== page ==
What is Zika?

Zika is a virus that is passed from mosquitos to humans. We can then transmit the virus to other humans. This typically happens through sex (vaginal or anal) or during pregnancy.

The Zika virus gets its name from the Zika forest in Uganda, where it was initially discovered in 1947. Most recently, the virus has been linked to Brazil, Puerto Rico, Miami, and other areas in the Americas.

According to the Centers of Disease Control and Prevention (CDC), pregnant women or women trying to get pregnant are not more vulnerable to Zika. However, they are at great risk of passing the virus onto their baby.

Symptoms of Zika

If infected mosquitos bite you, you may experience symptoms. These can include fever, rash, red eyes, joint or muscle pain, or headaches. Symptoms can occur 2 to 7 days after being bitten, and can last for several days to a week while the virus runs its course.

Studies show that most people never know they have the virus. On average, only 1 in 5 people experience any symptoms related to Zika.

What causes Zika?

Certain species of mosquitos are responsible for spreading Zika to humans. Aedes mosquitos can also carry dengue fever and chikungunya virus. This type of mosquito is known to bite in daytime and be attracted to waterlogged areas. Once infected, you can spread the virus through sex, pregnancy, blood transfusion, or lab exposure. You do not need to experience symptoms in order to carry and spread the virus.

The recent outbreak has been linked to an increase of babies born with severe brain defects. The main condition, microcephaly, occurs when a baby’s brain does not develop normally. It is noticeable by the baby’s head being smaller than average.

How is Zika diagnosed?

Contact your doctor immediately if you live in or have traveled to an area where Zika is present, or if you are experiencing any symptoms. There are two types of tests your doctor can perform to diagnose the virus.

  • A blood test will check to see if your body is trying to fight off the Zika infection.
  • A urine test will show presence of the actual virus. It will only be positive if Zika has been in your system for less than 2 weeks.

Depending on your situation, your doctor will order one or both tests. The results usually come back in 3 to 5 days.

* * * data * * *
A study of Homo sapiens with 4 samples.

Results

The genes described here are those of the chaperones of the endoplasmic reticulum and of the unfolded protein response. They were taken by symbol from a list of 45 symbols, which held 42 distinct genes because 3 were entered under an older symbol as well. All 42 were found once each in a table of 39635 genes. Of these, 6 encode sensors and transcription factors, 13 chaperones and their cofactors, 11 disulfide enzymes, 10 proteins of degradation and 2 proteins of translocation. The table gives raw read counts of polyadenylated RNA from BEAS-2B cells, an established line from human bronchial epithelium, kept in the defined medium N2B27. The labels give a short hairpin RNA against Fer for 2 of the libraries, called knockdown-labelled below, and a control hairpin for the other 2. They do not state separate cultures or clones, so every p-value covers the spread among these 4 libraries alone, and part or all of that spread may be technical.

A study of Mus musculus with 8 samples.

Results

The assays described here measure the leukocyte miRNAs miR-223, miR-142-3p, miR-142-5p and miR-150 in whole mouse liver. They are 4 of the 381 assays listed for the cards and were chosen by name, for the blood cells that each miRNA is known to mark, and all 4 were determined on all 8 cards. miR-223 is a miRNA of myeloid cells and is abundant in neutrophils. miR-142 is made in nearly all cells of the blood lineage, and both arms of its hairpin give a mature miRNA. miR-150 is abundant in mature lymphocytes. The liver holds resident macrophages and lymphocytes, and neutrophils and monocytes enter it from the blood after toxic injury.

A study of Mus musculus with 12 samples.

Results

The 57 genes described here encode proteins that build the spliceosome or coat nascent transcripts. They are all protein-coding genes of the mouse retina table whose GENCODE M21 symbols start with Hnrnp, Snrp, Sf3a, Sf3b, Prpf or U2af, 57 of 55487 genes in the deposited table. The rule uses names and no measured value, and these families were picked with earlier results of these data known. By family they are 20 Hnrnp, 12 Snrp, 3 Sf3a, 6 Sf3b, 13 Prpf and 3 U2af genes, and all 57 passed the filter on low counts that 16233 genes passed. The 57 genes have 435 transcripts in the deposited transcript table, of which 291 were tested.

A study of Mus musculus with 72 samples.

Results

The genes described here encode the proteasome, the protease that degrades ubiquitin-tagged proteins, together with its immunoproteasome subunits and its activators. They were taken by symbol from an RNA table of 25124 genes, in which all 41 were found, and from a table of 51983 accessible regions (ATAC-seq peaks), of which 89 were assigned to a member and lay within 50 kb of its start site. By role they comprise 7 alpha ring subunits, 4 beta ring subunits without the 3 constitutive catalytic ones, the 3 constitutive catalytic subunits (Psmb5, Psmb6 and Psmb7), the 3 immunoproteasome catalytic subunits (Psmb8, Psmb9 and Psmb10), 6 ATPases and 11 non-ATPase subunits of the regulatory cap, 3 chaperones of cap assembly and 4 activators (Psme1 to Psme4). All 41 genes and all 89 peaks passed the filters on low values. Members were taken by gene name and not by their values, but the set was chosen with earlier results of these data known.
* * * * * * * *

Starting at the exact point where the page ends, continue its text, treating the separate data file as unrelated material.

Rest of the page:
If you are pregnant and test positive for Zika, your doctor will add you to the U.S. Zika Pregnancy Registry. This list is confidential and free. Doctors and researchers use the data to understand the effects of Zika. You might also require additional tests to check your baby’s health. Zika has been linked to microcephaly cases. Your doctor can test for this condition during pregnancy or post-birth.

Can Zika be prevented or avoided?

Currently, a vaccine to prevent Zika does not exist. The CDC alerts people to cancel or delay travel to areas where Zika has been reported. Known areas include Brazil, Mexico, Puerto Rico, and parts of Florida. (Check CDC’s website for a full list of locations.) This is especially true for pregnant women, or people trying to get pregnant. You are at greater risk if you live in a Zika area or your partner travels there. Practice safe sex and wear condoms to prevent getting the virus.

You also should take precautions to avoid mosquito bites. Wear approved insect spray and long clothes. Avoid bodies of water and sleep with a mosquito net. Insect repellent is safe for women who are pregnant or breastfeeding, if used correctly.

Zika treatment

There is no medicine or prescription to treat the Zika virus. Talk to your doctor before taking any medicine for symptoms.

There also is no cure for babies born with microcephaly, a birth defect linked to Zika. Treatment options will vary based on severity of the condition.

Living with Zika

If your doctor diagnoses Zika, it will run its course naturally. To avoid spreading Zika, wear condoms to practice safe sex (vaginal or anal).

If you are pregnant and might have Zika, contact your doctor immediately. You will be added to a pregnancy registry to monitor the condition. Doctors and scientists continue to gather research in hopes to create a vaccine and cure for the Zika virus.

Questions to ask your doctor

  • Once I’ve had Zika, can I get it again? Will I always be a carrier of the virus?
  • If I’m pregnant and have been exposed to Zika, what are the chances of transmitting the virus to my baby? Are there any other factors that play into this, such as environment, medicines, or other viruses?
  • Can I transmit Zika to my baby after they are born? For example, through breast milk.